Even as Donald Trump announced his campaign for president earlier this week, his actions were still under review by the Miami-Dade County Ethics Commission. Coincidentally, the Commission cleared Trump of any wrongdoing in a meeting yesterday.
Back in late 2013, Trump just happened to join Miami-Dade County Mayor Carlos Gimenez for a round of golf at the public Crandon Park Golf Course on Key Biscayne. The previous year, Trump bought the Doral Golf Resort and Spa, perhaps Miami-Dade's most well-regarded commercial golf course, and mentioned to Gimenez that he might like to buy the Crandon Park golf course as well.
Gimenez responded that buying the course would be an impossibility. The land was deeded to the county by the Matheson family in 1940, and the family still holds rights over major decisions on use of the land. Lead by descendant Bruce Matheson, the family has long deplored over-commercialization of the park. However, Gimenez referred Trump to other county officials who suggested that Trump's company could submit an unsolicited bid proposing taking over management of the golf course.
Trump did just that in late 2014. While the Trump organization promised not to raise green fees for local residents, the benefits to his company were evident. It would add a waterfront golf course in Miami to his portfolio, and add an additional course he could promote to his golf-happy tourists at the Doral Golf Resort, now known as the Trump National Doral. The proposal was first reported by the Miami Herald in February.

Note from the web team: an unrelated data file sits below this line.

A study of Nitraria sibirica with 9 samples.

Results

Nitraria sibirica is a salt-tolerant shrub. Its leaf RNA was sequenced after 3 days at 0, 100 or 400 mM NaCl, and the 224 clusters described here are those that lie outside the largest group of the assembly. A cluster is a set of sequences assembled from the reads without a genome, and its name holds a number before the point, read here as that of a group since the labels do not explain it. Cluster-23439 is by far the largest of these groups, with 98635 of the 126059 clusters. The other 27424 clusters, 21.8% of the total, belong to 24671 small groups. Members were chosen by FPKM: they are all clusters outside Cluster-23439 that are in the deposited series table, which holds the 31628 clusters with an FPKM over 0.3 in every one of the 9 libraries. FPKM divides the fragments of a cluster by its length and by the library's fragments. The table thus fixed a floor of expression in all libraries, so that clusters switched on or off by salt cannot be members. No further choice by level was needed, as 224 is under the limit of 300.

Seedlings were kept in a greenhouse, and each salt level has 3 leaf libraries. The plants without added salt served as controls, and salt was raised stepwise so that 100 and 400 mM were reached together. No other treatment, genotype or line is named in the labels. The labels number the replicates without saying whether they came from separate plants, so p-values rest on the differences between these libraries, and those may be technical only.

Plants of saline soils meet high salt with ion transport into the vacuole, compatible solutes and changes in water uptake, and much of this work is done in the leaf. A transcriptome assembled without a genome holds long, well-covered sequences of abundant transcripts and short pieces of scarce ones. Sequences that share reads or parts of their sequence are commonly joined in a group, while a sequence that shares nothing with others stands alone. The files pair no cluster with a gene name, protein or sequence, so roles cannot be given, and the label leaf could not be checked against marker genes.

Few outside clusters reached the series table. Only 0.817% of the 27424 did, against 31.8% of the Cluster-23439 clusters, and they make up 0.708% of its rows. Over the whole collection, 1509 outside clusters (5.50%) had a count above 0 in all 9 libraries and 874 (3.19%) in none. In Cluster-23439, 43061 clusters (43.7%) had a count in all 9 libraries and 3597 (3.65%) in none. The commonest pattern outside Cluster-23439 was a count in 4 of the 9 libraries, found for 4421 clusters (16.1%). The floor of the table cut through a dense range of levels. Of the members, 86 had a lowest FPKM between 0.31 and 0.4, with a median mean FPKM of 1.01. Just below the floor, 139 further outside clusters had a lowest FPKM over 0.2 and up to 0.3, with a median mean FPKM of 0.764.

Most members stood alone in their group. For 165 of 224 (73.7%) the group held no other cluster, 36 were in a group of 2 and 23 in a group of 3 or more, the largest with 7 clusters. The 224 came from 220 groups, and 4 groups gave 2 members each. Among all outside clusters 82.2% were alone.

Complicating that matter is that Trump gave $15,000 to Gimenez's reelection campaign in January.
Local watchdog blogger Al Crespo however filed a complaint with the ethics committee that Trump essentially lobbied Gimenez during the initial round of golf without properly registering himself.
However, the ethics commission reported that they "determined that neither Miami-Dade Mayor Carlos Gimenez nor real estate developer and presidential candidate Donald Trump violated lobbyist regulations when they initially discussed the future of the Crandon Park Golf Course."
The board reasoned that since no "proposal for which action was being sought" at the time of Gimenez and Trump's golf game, Trump's discussion could not be considered lobbying.
The commission found probable cause of ethics violations on Russo's behalf, but ultimately dismissed the charges because they concluded once Russo realized he needed to register as a lobbyist he did so.
As it turns out, Trump dropped his proposal to take over management of the course back in May after it was clear he faced significant opposition from some county commissioners.
Trump has now switched his ambitions from taking over management of Miami-Dade public golf courses to taking over management of the federal government.